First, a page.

Are we in the middle of a generational war? Are Millennials really entitled ‘snowflakes’? Are Baby Boomers stealing their children’s futures? Are Generation X the saddest generation? Will Generation Z fix the climate crisis? Professor Bobby Duffy will be exploring whether when we’re born determines our attitudes to money, sex, religion, politics and much else. Informed by unique analysis of hundreds of studies, Duffy reveals that many of our preconceptions are just that: tired stereotypes.
Maff believes there are two things people need to survive, friendship and purpose, and is driven in his mission to empower people to help others to self organise. Maff will be talking about Camerados, his ever growing movement of people that sees communities set up Public Living rooms – places to go on a tough day or when you’re lonely, to help others, find connection and provide purpose.
On a mission to create economic and social empowerment for women through technology and media, Sharmadean will be talking to friend and fellow entrepreneur Alex Depledge about what it mean to be human, her drivers and the labels she is forever being given by others.
Alex is one of the UK’s most exciting serial entrepreneurs and created a storm at OffGrid 2019, where she talked about what it takes to set up a multi-million pound start-up, while balancing a family, self doubt and the odd monstrous money man.
She has an innate sense of what is the right thing to do, mixed with candour, humour and in her own words “just getting stuff done” She will be interviewing friend and fellow entrepreneur Sharmadean Reid.
THEY is Manzoor’s search for a more positive future. We hear stories from Islamic history, of a faith more tolerant and progressive than commonly assumed, and stories of hope from across the country which show how we might bridge the chasm of mutual mistrust. At once, fiercely urgent, resolutely hopeful and profoundly personal. It is the story of modern, Muslim Britain, as it has never been told.
James O’Brien has built well over a million loyal listeners to his radio show by dissecting the opinions of callers live on air, every day. But winning the argument doesn’t necessarily mean you’re right. James will be turning the mirror on himself to reveal what has changed his mind and why, and explores how examining and changing our own views is our new civic duty in a world of outrage, disagreement and echo chambers.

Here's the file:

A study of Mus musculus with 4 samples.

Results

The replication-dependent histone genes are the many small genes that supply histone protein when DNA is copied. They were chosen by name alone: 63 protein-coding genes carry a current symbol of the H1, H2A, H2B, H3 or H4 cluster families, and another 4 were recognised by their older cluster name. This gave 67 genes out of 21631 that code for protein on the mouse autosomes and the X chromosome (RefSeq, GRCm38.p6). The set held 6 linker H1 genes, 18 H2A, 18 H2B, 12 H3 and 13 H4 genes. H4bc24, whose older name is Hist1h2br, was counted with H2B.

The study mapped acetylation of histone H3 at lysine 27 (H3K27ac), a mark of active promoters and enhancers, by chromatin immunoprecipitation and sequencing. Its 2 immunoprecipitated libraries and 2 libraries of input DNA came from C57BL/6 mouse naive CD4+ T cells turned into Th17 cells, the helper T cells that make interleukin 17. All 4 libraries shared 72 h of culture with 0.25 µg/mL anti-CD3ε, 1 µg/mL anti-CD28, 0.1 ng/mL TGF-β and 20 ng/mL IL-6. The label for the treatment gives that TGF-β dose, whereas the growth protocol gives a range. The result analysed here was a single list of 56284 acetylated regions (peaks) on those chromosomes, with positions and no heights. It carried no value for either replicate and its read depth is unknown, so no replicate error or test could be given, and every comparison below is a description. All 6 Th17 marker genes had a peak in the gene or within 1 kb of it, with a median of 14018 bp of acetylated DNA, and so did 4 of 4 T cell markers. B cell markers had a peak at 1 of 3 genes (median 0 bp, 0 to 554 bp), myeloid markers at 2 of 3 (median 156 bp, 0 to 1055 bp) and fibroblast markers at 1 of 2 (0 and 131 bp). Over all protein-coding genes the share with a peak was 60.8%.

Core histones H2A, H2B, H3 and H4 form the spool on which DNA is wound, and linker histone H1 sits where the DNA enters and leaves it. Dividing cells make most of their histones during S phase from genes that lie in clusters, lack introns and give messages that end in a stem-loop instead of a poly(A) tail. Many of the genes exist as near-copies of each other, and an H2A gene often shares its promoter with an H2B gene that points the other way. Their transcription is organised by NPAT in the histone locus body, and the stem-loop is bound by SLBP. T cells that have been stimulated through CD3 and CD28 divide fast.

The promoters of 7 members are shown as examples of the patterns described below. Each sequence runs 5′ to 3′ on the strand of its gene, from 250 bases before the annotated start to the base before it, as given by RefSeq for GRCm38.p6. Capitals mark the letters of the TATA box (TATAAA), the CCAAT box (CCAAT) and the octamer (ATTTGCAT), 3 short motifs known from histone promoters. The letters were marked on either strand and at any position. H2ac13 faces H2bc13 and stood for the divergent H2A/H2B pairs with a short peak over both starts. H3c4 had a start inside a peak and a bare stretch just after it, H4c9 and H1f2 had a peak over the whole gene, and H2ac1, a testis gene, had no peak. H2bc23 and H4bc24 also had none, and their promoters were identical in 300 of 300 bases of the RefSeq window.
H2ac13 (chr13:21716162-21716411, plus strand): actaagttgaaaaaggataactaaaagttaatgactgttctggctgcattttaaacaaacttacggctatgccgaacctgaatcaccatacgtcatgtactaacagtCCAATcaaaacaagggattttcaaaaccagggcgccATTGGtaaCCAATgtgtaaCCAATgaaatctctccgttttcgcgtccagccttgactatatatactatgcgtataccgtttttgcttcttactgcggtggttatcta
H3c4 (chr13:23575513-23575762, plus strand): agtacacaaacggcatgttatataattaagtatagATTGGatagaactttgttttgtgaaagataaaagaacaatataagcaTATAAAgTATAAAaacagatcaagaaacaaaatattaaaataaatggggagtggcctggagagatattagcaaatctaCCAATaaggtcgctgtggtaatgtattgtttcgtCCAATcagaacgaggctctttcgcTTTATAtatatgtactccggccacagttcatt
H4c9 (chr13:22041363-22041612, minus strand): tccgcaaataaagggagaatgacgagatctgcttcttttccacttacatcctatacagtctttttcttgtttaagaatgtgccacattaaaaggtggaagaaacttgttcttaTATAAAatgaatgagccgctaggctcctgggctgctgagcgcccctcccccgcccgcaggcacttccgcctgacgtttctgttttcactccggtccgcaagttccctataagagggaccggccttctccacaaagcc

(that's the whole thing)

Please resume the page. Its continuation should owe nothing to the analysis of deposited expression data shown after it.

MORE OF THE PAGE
How do you build, create and maintain a sustainable future? Start a boring revolution. Architect and co-founder of project00.cc, Indy believes that talking only about the cool parts of science (like AI, new technology and robots) is not going to help us form this revolution. We need to go back to basics. We need to go over things like bureaucracy, governance and the principles of democracy to create trust. Without this trust, simple things go wrong.
Lucy Easthope lives with disaster every day. When a plane crashes, a bomb explodes, a city floods or a pandemic begins, she’s the one they call. Lucy will be talking about what happens in the aftermath and explores how we pick up and rebuild with strength, perseverance and most importantly human connection. Lucy will be in conversation with Claire Armistead
Claire Armitstead is a British journalist and author. She is Associate Editor (Culture) at The Guardian where she has worked since 1992. She is also a cultural commentator on literature and the arts, and makes appearances on radio and television, as well as leading workshops in the UK and internationally. She will be in conversation with crisis planner Lucy Easthope.
George has spent most of his life on Glasgow’s river Clyde as the leader of Glasgow’s Humane Society, the oldest continuing lifeboat service in the world. For forty years, George and his family have pulled 1,000s from the Clyde, saving countless lives. In his own words “most family businesses are about making money. We’re not. We’re here to help people at the river… it’s just something that we do. I don’t know what else we’d do, you just get on with it.” … and that’s before we even get on to his art.
Giles is a photographer, writer and obsessive foodie. Having lost both legs and an arm while on tour in Afghanistan his first words, having been lifted from the battlefield were “I am still a photographer”. Throughout his recovery, it was his lifelong passion for food that kept him going. His work now sees him sitting round the tables of families within war torn parts of the world, cooking, eating and sharing stories.
Catrin Nye is an award-winning investigative journalist, documentary maker and presenter. She currently works for the BBC’s Original Journalism Unit as a senior reporter specialising in long form news and current affairs. Catrin also presents for BBC Panorama and has her own radio programme on BBC Radio Wales called The Idea. She will be in conversation with Giles Duley.
We are addicted to prediction, desperate for certainty about the future. But the complexity of modern life won’t provide that; experts in forecasting are reluctant to look more than 400 days out. CEO and author Margaret Heffernan will share her work, looking at long-term projects developed over generations that could never have been planned the way they were eventually run.
The Ukulele Orchestra of Great Britain is a group of all-singing, all- strumming Ukulele players, using instruments bought with loose change, who believe that all genres of music are available for reinterpretation, as long as they are played on the Ukulele. There are no drums, pianos, backing tracks or banjos, no pitch shifters or electronic trickery. Only an astonishing revelation of the rich palette of orchestration afforded by ukuleles and singing (and a bit of whistling).